Does the state need to have a moral standing to exercise public authority? Is this standing vulnerable to the charge of hypocrisy? The paper explores these issues, arguing that it is at times necessary for the state to claim a sort of moral standing in order to exercise its public authority, particularly where it engages in blaming practices such as punishment. However, the required standing is not equivalent to the moral standing that individuals need to blame or claim authority over others. Certain objections may not apply to the political relationship. Hypocrisy seems to be a kind of objection that is not appropriate for the political relationship as it is not based on reciprocity. Yet there is a strong intuition that suggests that when public authority is inconsistent and thus acts hypocritically, its actions may not be legitimate. How can we make sense of both the nature of the political relationship and the expectations we may have over the integrity of law and public agencies?
Let me answer like the man in the story, “I must decline the soft impeachment.” Randall Jarrell, A Note on Poetry, 1940.
Assumptions about human nature undergird public law values, like equality, liberty, and dignity. Setting these assumptions to light exposes public law values to various forms of political critique, some of which fall under the broad heading of hypocrisy (where a good is publically claimed, though perniciously, even purposely, unrealized). This paper analyzes the various argumentative forms of the charge of hypocrisy that are raised against invocations, and interpretations of public law values. In describing one form of hypocrisy, the paper draws upon the work of C.B. Macpherson and the relation between theoretical justifications for political rule and claims about human nature. The paper argues that while some forms of the hypocrisy charge might apply to any speaker, there is a particular iteration that is uniquely applicable to the structure of public law values.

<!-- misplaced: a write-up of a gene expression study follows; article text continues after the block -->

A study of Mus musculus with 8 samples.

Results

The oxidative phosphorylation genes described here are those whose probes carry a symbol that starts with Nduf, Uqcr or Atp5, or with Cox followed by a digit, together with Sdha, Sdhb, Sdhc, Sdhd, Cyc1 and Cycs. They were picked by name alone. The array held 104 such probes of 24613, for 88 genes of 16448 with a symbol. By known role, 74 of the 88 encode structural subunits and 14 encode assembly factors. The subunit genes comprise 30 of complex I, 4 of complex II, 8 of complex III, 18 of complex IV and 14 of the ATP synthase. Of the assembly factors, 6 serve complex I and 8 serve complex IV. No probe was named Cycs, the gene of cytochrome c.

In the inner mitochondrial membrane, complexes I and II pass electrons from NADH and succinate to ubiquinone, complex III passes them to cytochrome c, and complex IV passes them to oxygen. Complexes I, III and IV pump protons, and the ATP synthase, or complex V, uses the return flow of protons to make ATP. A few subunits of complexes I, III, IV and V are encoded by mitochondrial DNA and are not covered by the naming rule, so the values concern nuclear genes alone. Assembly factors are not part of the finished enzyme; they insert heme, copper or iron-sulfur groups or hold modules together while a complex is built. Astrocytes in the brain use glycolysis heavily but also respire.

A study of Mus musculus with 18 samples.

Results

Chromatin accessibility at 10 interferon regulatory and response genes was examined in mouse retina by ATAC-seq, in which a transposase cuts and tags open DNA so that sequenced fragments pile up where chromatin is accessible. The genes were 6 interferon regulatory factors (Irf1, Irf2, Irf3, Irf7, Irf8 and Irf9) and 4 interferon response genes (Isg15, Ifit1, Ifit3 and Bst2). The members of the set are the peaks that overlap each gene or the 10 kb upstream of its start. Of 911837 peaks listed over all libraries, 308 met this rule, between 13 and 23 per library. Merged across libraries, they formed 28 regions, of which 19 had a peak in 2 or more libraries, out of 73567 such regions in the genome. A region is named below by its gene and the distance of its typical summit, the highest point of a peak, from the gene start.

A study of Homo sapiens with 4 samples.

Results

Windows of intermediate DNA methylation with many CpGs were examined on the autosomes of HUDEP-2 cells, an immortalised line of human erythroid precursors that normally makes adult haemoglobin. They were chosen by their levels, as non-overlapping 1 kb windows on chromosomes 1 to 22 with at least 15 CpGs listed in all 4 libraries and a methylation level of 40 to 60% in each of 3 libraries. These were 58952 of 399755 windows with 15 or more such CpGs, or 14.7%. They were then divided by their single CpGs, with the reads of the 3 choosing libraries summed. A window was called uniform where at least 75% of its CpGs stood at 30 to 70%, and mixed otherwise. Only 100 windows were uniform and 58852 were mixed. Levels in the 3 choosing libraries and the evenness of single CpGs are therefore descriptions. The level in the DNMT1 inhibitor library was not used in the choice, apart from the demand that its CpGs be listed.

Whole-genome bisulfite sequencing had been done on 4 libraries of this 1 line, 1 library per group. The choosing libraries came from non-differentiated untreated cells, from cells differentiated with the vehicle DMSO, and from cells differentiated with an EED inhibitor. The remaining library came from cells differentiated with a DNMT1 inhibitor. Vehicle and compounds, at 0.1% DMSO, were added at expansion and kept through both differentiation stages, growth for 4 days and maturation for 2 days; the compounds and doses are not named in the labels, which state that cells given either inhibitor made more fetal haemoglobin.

Public law is obsessed with mapping. However, without a critical account of how mapping is produced, pathologies emerge. Global Constitutionalism´s editors, commenting on the end of the ‘West’, stated that ‘we should give up to the idea of a deep connection between constitutionalist ideas and geographical regions, countries or power constellations’. In this scenario, several scholars focus on Latin America, ‘the region where the debate on the future of constitutionalism is debated with more intensity and urgency’, and advocate for a concept with the ability to address ‘a new legal phenomena’: Ius Commune Constitutionale in Latin America. This endeavour attempts to give an account of the ‘original Latin American path of transformative constitutionalism’. Here, I critically address the main postulates of ICCAL and present a more precise intellectual map of Latin American constitutionalism.
This paper analyses the way in which models of disability in social theory are incorporated in the process of legal regulation. It focuses on the late process of juridification of disability that has followed the CRPD (2011) which adopts the social model of disability. Most developing countries have recently undertaken the task of giving legal regulation to disability and for that they have had to face the need for a conceptual framework. It is affirmed that despite the relevance of the discussion on disability models, juridification limitations make impossible to capture the social complexity involved in the exclusion processes affecting people with disabilities. That results in that, even where regulation attempts to capture the social model, individual intervention (i.e. through an antidiscrimination law regime) takes precedence over social transformation (i.e. welfarist mechanisms of support for independent living).